Master quits hunt named in cruelty allegations

ONE OF the masters of a prestigious hunt accused of trapping foxes alive so they can be used for sport has announced he is giving up his position.

Major John Shaw's retirement from the Sinnington Hunt was revealed to members days after The Independent revealed the hunt was facing a fresh investigation into allegations that an artificial fox earth was found on its land. They were also told that a terrierman with the hunt will not have his contract renewed.

Nine months ago, the Royal Society for the Prevention of Cruelty to Animals rescued a pair of three-month-old cubs, with their ears mutilated, from the hunt's land in North Yorkshire. Last month, the RSPCA began another investigation after photographs and videos were produced, allegedly showing evidence of an artificial earth in the area.

On Boxing Day last year, hounds from the hunt killed a cat in a garden in Kirkbymoorside, and posters began to appear, put up by local farmers, showing a cat lying on its back and the caption: "Latest from Sinnington pantomime productions, Puss in Bits".

A month earlier, Ryedale District Council ordered the hunt to remove an incinerator, used for animal carcasses, which it said had been causing air pollution.

The RSPCA dropped the prosecution over the cubs in December last year, because, it said, it did not have enough evidence. Major Shaw was questioned along with the terrierman and the two other joint masters Andrew Osborne and Adam Waugh. They all denied any involvement in the matter.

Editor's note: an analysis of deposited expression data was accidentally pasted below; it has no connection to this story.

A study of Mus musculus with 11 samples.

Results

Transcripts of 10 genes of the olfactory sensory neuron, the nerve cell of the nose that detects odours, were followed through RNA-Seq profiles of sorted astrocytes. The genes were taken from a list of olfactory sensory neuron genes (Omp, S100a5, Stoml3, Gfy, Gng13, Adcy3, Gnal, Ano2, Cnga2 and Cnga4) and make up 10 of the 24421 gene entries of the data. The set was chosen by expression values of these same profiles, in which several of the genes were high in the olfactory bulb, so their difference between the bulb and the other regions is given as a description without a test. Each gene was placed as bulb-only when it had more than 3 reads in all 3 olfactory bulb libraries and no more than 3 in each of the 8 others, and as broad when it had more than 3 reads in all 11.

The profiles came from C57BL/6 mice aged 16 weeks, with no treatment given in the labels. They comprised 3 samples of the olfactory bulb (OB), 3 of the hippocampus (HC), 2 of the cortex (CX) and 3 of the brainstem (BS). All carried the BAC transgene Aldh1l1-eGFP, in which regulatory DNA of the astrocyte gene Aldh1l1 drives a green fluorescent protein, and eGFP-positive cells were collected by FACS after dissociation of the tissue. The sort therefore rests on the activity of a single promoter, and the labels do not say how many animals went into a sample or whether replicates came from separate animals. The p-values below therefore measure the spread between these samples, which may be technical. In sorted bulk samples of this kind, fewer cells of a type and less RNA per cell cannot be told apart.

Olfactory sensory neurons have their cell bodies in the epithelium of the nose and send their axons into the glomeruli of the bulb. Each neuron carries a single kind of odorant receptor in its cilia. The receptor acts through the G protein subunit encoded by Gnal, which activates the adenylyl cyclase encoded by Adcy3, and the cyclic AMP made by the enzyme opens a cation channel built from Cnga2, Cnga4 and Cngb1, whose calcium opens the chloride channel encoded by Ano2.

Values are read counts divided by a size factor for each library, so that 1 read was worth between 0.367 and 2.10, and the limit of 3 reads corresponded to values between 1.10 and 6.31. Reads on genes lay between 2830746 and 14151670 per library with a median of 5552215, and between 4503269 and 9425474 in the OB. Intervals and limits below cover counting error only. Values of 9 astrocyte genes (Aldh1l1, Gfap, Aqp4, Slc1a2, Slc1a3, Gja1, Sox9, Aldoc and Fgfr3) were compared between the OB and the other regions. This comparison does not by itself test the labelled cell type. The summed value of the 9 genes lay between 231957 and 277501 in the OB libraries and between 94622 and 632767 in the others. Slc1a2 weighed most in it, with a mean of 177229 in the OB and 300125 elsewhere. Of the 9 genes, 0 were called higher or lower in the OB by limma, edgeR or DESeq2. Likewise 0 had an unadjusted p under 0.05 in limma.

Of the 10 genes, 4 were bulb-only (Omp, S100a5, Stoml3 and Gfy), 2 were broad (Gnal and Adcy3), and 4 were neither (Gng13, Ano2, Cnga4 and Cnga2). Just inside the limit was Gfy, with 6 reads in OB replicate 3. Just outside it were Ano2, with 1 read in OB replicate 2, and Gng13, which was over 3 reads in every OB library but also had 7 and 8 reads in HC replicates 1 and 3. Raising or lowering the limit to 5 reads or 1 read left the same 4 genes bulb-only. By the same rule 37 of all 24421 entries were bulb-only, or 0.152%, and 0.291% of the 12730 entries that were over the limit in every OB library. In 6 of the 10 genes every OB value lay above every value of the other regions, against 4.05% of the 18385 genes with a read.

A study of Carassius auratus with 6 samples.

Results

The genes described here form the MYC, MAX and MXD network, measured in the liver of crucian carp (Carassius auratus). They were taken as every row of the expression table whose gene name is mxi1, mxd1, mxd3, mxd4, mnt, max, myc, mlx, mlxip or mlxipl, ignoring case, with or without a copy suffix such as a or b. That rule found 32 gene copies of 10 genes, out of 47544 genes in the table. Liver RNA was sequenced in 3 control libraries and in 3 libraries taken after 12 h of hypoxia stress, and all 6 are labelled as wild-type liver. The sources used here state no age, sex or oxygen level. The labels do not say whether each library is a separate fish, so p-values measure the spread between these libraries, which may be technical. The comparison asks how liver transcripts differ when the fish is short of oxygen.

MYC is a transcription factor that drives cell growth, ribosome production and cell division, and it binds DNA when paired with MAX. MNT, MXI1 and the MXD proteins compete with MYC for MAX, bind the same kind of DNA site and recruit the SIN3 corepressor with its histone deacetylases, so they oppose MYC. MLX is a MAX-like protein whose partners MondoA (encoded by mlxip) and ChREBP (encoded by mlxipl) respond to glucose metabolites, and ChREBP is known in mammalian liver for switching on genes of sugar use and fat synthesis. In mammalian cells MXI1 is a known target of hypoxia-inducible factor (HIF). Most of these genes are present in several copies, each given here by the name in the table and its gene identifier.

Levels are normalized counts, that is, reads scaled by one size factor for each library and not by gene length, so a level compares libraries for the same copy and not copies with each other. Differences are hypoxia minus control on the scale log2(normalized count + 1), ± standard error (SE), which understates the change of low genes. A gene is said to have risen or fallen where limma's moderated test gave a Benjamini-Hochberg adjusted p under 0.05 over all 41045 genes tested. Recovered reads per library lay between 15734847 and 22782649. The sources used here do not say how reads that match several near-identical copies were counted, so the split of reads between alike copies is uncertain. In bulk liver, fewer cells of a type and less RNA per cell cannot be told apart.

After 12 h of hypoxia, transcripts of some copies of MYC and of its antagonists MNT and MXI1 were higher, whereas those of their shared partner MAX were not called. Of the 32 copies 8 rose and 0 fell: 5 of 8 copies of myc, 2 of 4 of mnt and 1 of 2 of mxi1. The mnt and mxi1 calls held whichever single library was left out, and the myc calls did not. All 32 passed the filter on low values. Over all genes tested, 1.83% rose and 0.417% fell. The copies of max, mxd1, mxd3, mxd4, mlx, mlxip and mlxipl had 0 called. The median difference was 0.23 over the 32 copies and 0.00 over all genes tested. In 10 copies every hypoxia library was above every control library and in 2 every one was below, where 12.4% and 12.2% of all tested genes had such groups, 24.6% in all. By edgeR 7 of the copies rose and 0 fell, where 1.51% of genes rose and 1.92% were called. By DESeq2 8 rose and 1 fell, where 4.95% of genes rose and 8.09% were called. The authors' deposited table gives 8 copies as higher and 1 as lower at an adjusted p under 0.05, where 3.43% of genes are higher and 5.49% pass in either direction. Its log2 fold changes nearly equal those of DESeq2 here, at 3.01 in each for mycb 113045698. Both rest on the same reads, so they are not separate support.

Prior to his resignation, Major Shaw had been associated with the hunt most of his life. His father was a master of the hunt before him. He refused to make any comment yesterday, referring inquiries to the Countryside Alliance. A source close to the hunt said he expects to continue riding as a member.

There is no suggestion that Major Shaw was in any way involved in the allegations over the fox cubs or the artificial earth.

According to the source he had demanded that the matters be fully investigated.

The RSPCA said last night: "It is clear that after a number of embarrassing incidents involving the Sinnington Hunt Major Shaw had decided to loosen his links with the hunt.

"If other huntmasters around the country applied the same standards we would see lots of other retirements and resignations."

Last night, Major James Holt, chairman of Sinnington Hunt committee said: "The hunt committee does not employ the terrierman, that is done by the masters.

"I would not like to speculate about the reason for Major Shaw's resignation, but from the letter he sent me it appears to be a financial one. I am not aware he is embarrassed by the hunt. As a hunt, we do seem to get much more than our fair share of adverse publicity and a lot of is is unwarranted."